Students: Deadline Rebellion

Deadline Rebellion
Vikki Littlemore

Why is it that all students, given weeks and months to prepare an essay or assignment, wait until the day before, the night before, even hours before the deadline? It seems to be an unspoken rule and inherent, mandatory compulsion. Students will spend time doing anything they can to avoid doing work and then panic and hyperventilate the day the assignment is due in. There is no better evidence I can offer than to confess that even now, as I type these words, I am approaching the deadline for 6,000 words of final assessments, due in tomorrow, and I’m only half finished. I’m powerless and simply cannot finish that work until I only have an hour left. This has been the case for every single piece of work I’ve completed this year, and I’m not alone. In this age of technological advancement, the Facebook Generation post status messages leading up to the deadlines of their work, informing their friends of their constantly updating word count or the fact that they haven’t even begun yet, effecting a form of communal atmosphere where classmates feel as though there are working alongside their colleagues. The sense of unity no doubt helps calm and encourage the desperate student and reassures that one is not alone. However, the time spent updating Facebook statuses could obviously be better spent completing the work.
The essay questions and assignment information are all provided at the very beginning of the course, meaning that effectively students have everything they need to complete all the assignments in the first week. Obviously this defeats the object and would negate the content of the course, but it does nevertheless illustrate the point that there is no reason to wait until a day before the deadline, there is ample time to prepare the work in advance. So why?

Is it deficit of time? This does understandably factor into the equation, as there are so many assignments due and so much reading to get through, that it is often difficult to get ahead and often one is merely keeping one’s head above water from one day to the next. This does however apply to the main body of the course, not the assignments. In my experience, students spend vast amounts of time socialising and flirting with alcohol, drugs and each other, and immense periods of time quite literally doing nothing, why then are they unable to complete work in advance? Speaking from very current experience (ie. while I’m typing this), it’s a psychological block. It’s the same principle as your parents telling you ‘don’t touch the iron, it’ll burn you’ and then eagerly waiting for the first opportunity to touch it, just to find out. When we are enforced to comply with something and denied the freedom to form our own judgement, we rebel by doing the opposite. The reason we touch the iron is because we are told not to, despite knowing full well for ourselves that we will inevitably be burnt. Similarly, because the deadlines and workload are enforced, we feel an overwhelming urge to rebel and therefore feel the need to decide for ourselves when we complete the work.
We know perfectly well that sensibly speaking we should begin the work well in advance, prepare it thoroughly and give ourselves plenty of time to complete it, but something in us, the rebel in us, feels compelled to deviate from protocol and decide for ourselves that we shan’t start the work until the date and time that we chose. Even though the brain advises against it, the heart demands that we assert our right to make the decision ourselves, the proverbial ‘cutting one’s nose off to spite one’s face’, doing it ‘just because’.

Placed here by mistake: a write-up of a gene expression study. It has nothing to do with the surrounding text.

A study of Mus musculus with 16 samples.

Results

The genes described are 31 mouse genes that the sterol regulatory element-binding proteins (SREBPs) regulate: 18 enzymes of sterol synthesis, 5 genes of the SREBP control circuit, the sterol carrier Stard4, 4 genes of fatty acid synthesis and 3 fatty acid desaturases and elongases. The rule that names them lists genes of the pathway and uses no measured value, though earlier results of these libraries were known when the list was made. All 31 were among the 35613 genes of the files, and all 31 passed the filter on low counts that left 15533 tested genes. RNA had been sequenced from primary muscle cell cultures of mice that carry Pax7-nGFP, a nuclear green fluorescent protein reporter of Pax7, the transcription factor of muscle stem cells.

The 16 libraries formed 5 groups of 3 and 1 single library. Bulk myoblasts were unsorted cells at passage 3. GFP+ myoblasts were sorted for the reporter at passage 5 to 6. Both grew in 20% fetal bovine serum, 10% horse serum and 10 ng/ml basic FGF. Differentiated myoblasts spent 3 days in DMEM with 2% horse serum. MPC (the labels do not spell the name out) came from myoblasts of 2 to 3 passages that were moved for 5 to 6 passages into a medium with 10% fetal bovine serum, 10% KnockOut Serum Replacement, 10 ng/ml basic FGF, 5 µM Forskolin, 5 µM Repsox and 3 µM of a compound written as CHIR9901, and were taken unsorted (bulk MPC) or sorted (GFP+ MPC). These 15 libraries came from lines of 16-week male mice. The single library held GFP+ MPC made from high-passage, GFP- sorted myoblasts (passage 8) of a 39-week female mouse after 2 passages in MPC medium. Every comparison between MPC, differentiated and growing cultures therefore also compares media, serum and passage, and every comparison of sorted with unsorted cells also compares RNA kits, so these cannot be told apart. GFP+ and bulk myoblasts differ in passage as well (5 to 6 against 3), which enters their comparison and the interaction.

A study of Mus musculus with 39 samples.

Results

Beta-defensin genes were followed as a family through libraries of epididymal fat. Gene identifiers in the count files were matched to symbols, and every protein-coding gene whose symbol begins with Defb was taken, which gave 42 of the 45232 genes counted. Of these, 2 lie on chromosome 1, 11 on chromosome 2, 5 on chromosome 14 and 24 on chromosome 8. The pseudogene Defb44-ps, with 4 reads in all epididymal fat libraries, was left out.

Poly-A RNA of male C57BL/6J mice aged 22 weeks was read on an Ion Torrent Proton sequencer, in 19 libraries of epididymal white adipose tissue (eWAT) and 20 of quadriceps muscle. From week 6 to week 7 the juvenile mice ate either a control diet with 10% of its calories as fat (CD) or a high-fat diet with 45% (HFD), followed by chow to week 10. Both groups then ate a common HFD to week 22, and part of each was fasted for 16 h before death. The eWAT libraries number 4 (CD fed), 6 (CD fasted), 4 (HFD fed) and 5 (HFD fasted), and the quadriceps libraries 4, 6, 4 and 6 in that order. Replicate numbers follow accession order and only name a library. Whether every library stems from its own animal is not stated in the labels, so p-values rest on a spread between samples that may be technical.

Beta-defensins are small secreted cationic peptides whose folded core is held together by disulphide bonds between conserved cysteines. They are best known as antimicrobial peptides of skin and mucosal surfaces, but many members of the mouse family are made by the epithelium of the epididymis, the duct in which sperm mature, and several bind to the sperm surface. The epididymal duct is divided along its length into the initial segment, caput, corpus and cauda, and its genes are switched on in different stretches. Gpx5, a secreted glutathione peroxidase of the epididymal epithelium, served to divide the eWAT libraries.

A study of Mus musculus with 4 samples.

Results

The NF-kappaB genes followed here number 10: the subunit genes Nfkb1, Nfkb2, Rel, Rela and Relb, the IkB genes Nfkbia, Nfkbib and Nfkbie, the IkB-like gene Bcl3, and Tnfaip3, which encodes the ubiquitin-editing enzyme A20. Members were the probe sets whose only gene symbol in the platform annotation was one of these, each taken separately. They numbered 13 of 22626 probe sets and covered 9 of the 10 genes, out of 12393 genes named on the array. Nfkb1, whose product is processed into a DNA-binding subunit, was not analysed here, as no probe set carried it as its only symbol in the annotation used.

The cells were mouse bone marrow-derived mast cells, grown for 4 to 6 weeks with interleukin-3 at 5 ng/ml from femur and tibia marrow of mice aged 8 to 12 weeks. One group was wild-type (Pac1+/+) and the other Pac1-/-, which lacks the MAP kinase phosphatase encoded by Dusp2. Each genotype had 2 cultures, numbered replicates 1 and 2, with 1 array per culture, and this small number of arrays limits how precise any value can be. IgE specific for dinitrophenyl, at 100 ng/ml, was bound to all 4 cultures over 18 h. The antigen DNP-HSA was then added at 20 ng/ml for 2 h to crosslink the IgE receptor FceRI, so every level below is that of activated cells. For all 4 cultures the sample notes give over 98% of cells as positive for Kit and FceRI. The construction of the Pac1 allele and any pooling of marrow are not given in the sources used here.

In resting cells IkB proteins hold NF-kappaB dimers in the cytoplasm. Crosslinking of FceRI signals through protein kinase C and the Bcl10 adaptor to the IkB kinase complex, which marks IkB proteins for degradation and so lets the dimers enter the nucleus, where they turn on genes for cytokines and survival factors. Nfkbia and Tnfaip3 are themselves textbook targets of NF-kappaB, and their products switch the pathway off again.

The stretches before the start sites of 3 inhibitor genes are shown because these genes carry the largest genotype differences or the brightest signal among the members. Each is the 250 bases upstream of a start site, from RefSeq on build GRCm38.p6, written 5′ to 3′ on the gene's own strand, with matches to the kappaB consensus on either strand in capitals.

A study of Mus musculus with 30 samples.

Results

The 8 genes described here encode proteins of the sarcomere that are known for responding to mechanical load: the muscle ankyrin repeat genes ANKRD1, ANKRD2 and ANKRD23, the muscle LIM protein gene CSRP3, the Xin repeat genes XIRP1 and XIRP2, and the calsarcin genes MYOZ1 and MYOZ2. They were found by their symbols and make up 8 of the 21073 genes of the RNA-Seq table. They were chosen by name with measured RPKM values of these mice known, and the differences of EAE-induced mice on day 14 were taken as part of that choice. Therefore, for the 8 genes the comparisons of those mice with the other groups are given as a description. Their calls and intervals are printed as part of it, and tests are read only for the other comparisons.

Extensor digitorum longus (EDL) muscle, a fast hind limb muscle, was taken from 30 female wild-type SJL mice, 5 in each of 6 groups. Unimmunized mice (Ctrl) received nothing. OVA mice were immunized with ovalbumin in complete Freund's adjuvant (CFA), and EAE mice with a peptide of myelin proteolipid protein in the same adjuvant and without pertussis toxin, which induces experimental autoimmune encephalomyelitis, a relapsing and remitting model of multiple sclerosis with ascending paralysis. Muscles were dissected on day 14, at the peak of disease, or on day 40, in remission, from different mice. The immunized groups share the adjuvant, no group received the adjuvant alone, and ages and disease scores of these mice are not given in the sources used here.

This is understandable. After twelve years of school and all the regimented discipline, rules and education with little or no freedom whatsoever granted from parents, teachers and the Government, we are suddenly handed on a golden platter the opportunity to decide something for ourselves, the first opportunity in our lives to rebel while remaining within the rules. It is a delicious and irresistible prospect. Why should we do the work when the university tells us we should? We can spend our time watching Jeremy Kyle and do the work in under an hour on the deadline date. It’s our choice to make, our right.

Our time as students has always been traditionally and inherently entwined with acts of rebellion and assertions of independence, whether it be political activism or staying in bed until three in the afternoon. It is the first time in our lives when we are truly independent and adult, allowed freedom and decisions. Unlike school, if we don’t attend a lecture, nothing happens. We don’t get detention and our parents aren’t informed. We have the freedom to make that decision, we decide for ourselves. Thus, the eternal state of studenthood is mythically linked with rebellion and anarchy.

So, is the reason for leaving work until the last minute so profound and dramatic as innate rebellion and a need for independence? Or is it so simplistic as laziness and preferring to drink until we fall over? Is there even a reason for it? Well, there must be, given that every student I’ve met acknowledges and practices this mystical and unwritten law. There must be some reason, or it wouldn’t be as innate and inevitable as it evidently is.

My conclusion is that I don’t know. I wish I did. I wish I knew why I was typing these words rather than completing my enormous piece of work, which is a very important final assessment, 50% of my course mark, and due in tomorrow, and which I haven’t even begun. It is impossible to answer but undeniable nonetheless. Students are powerless to this built-in inability to complete work in advance. As a good friend has just said; so it always has been, so it always will be. That’s it.